BALTIMORE -- The Baltimore Orioles are playing significant games in September only because that's how the schedule turned out.
The hope is that one of these years, these late-season games will be meaningful to the Orioles because they will be the ones hunting down a playoff spot.
Stuck in the middle of Boston's late-season swoon, Baltimore lost 8-7 on Tuesday night. The victory enabled the Red Sox to stay tied with Tampa Bay for the AL wild-card spot with one game left.
Important for the Red Sox? Absolutely. Not so much for the Orioles, even though they have come to enjoy the spoiler's role.
"They're meaningful for them, not for us," Baltimore's Adam Jones said. "It would be different if we were playing meaningful games. This place would be rocking; it would be a totally different atmosphere. But they need the games more than we do, so I think all the pressure's on them."
The hope for the last-place Orioles is that they gain from the experience.
"The potential's there," manager Buck Showalter said. "I hope it makes them continue to be hungry to get some other things shored up so we can be a part of this in a different situation."
After blowing a nine-game lead in the span of 23 days, the Red Sox will send Jon Lester (15-9) to the mound against Baltimore on Wednesday night in an effort to get into the postseason for the fourth time in five years. Lester, Boston's winningest pitcher, will be throwing on three days' rest.
A month ago, the Red Sox would shudder at the prospect of a must-win situation on the final day. But here they are, and they intend to make the best of it.
"I think it's really good for baseball, not so good for my stomach," manager Terry Francona said. "It's exciting. If you don't want to show up (Wednesday) and play, you've got no pulse. My goodness, I can't remember being that nervous in a long time. Go back to the hotel and not sleep, and then show up and see what we can do."
Boston will be looking to put together its first winning streak since sweeping a doubleheader from Oakland on Aug. 27. If the Rays and Red Sox remain tied after Wednesday, Tampa Bay will host a one-game playoff Thursday.
"Everybody's been watching the scoreboard and knowing that we need to win tonight so we can come back (Wednesday) and fight through it again," Boston slugger David Ortiz said. "I hope if I'm still here next year we can make it easier. We're playing like this is a playoff already."
Rookie Ryan Lavarnway became the unlikeliest of heroes for Boston, hitting his first two major league homers after being thrust into the lineup because of injuries to catchers Jarrod Saltalamacchia (sore collarbone) and Jason Varitek (knee).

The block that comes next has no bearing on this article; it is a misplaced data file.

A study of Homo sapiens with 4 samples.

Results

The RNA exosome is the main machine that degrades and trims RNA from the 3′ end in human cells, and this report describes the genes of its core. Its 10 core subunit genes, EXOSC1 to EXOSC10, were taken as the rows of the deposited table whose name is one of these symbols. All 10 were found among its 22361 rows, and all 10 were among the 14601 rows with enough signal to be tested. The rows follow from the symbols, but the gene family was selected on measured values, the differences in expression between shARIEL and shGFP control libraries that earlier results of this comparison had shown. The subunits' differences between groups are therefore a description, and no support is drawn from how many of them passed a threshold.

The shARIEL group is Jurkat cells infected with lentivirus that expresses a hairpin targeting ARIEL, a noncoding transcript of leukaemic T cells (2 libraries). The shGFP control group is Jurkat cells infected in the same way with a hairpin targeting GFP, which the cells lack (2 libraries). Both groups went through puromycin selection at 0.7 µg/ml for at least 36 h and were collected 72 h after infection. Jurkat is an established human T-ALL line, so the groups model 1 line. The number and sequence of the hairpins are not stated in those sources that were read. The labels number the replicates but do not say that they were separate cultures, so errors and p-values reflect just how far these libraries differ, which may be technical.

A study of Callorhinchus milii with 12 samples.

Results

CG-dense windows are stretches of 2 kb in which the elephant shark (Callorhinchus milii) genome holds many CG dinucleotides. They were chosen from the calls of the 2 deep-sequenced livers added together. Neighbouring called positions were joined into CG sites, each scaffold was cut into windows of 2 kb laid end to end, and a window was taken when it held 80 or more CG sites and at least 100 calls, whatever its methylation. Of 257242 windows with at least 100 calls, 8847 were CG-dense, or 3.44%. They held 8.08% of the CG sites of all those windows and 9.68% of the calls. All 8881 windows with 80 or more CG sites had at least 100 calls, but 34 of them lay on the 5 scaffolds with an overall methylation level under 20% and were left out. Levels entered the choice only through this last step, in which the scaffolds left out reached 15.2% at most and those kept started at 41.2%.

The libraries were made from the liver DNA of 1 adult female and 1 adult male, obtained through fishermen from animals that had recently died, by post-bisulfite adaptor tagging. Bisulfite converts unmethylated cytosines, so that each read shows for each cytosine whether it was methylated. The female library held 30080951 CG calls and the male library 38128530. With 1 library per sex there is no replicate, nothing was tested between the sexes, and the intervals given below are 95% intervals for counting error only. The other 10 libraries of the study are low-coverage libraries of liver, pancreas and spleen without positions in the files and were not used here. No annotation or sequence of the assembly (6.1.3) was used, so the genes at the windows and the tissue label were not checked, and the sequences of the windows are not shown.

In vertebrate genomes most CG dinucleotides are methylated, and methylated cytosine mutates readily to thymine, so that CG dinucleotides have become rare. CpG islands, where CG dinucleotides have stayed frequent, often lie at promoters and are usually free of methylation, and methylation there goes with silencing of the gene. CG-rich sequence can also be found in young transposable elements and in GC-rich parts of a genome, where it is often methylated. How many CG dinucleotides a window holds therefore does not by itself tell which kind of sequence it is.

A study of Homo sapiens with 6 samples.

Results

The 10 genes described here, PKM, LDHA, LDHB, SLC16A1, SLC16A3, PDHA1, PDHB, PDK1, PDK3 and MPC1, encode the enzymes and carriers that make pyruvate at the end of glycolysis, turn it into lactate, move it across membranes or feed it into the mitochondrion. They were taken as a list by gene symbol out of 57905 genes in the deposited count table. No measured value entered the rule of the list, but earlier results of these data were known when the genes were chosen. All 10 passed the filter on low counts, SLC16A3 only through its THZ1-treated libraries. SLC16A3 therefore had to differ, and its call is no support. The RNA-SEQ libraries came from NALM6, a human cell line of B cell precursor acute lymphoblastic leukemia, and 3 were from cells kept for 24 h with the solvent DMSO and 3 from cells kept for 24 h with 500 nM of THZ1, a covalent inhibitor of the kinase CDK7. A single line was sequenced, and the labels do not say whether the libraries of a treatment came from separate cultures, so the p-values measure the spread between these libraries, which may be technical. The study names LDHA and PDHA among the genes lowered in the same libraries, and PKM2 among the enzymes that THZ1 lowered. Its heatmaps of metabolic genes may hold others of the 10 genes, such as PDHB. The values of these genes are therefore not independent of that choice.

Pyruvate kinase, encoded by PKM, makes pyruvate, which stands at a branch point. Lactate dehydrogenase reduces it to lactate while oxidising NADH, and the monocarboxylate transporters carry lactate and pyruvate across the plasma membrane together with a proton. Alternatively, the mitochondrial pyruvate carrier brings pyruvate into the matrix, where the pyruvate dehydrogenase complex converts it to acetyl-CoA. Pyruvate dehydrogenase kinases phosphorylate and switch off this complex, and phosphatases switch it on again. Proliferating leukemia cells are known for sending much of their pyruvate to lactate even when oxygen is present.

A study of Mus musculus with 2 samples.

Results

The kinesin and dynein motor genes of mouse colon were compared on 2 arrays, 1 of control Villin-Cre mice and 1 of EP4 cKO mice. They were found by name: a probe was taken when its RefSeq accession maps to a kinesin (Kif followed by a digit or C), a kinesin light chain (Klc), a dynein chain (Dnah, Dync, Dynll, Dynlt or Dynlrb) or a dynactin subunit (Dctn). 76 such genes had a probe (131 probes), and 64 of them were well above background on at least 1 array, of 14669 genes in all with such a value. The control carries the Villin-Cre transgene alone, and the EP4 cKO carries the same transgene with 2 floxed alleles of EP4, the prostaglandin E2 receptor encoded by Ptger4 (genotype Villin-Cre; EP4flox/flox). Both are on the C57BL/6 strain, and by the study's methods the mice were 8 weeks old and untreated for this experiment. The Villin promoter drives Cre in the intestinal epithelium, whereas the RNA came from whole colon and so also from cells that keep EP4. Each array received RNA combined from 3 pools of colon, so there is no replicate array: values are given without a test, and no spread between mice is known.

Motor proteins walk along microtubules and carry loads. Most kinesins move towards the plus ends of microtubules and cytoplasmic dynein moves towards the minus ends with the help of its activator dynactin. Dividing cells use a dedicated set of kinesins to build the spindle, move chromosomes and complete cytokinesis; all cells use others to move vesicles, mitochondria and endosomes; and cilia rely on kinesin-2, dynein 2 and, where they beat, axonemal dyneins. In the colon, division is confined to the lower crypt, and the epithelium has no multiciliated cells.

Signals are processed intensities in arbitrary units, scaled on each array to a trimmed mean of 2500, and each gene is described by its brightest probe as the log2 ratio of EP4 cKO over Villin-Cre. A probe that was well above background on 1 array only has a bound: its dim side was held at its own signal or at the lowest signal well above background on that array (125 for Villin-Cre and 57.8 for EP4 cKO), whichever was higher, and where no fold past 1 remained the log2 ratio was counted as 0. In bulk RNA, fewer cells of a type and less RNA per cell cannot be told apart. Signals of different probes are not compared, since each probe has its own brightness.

Lavarnway, a Yale philosophy major who never played a big league game before August, hit a three-run drive in the fourth inning and added a solo shot for an 8-4 lead in the eighth.
"We've seen a lot of interesting things here over the years, but that was right near the top," Francona said.
Lavarnway said, "It feels good, but the job's not done. We still got to go out (Wednesday) and win another ballgame."
Jacoby Ellsbury and Marco Scutaro also connected for Boston, which scored all its runs on home runs.
Alfredo Aceves (10-2) pitched 3 2-3 innings of three-hit relief for the Red Sox, who survived homers from Baltimore's Matt Wieters and Jones.
After the Orioles scored twice in the eighth off Daniel Bard to make it 8-6, Jonathan Papelbon survived a hectic ninth for his 31st save. Wieters drove in a run with a grounder and Baltimore had the potential tying run at second with two outs before Jones grounded out on a 3-2 pitch.
"We battled down to the final pitch," Jones said. "That's the way I live. You know we ain't going to quit."
Pitching at Camden Yards for the first time since being traded by Baltimore to Seattle in February 2008, Boston starter Erik Bedard gave up three runs and five hits in 3 1-3 innings. The left-hander struck out six but needed 84 pitches to get 10 outs.
Bedard retired the first two batters without difficulty, then walked Nick Markakis and yielded an RBI double to Vladimir Guerrero to fall behind 1-0.
Boston took the lead in the third against rookie Zach Britton (11-11) when Scutaro hit a two-out double and Ellsbury followed with his 32nd homer. Ellsbury has hit in 35 straight games against the Orioles, a streak that began on April 17, 2009.
Lavarnway connected on a 3-2 pitch in the fourth following singles by David Ortiz and Adrian Gonzalez. Wieters answered in the bottom half with his 22nd home run, the second in two nights, to make it 5-3.
A triple by Carl Crawford and Scutaro's homer off Jason Berken made it 7-3 in the sixth. Jones led off the bottom half with a homer off Aceves.
NOTES: Boston's Jed Lowrie started in the cleanup spot for the first time in his career. He went 0 for 5 with two strikeouts. ... Saltalamacchia was available if needed. Before the game he said, "I feel good, I feel like I can perform, but if it takes today to be 100 percent tomorrow, then that's what we'll do." ... Francona said RHP Clay Buchholz, who's on the 60-day DL with a back strain, could find his way onto the postseason roster. ... For the second time in two nights, play was interrupted when a fan ran onto the field. ... Boston starters have a 7.28 ERA in September. ... Alfredo Simon will pitch Wednesday for the Orioles.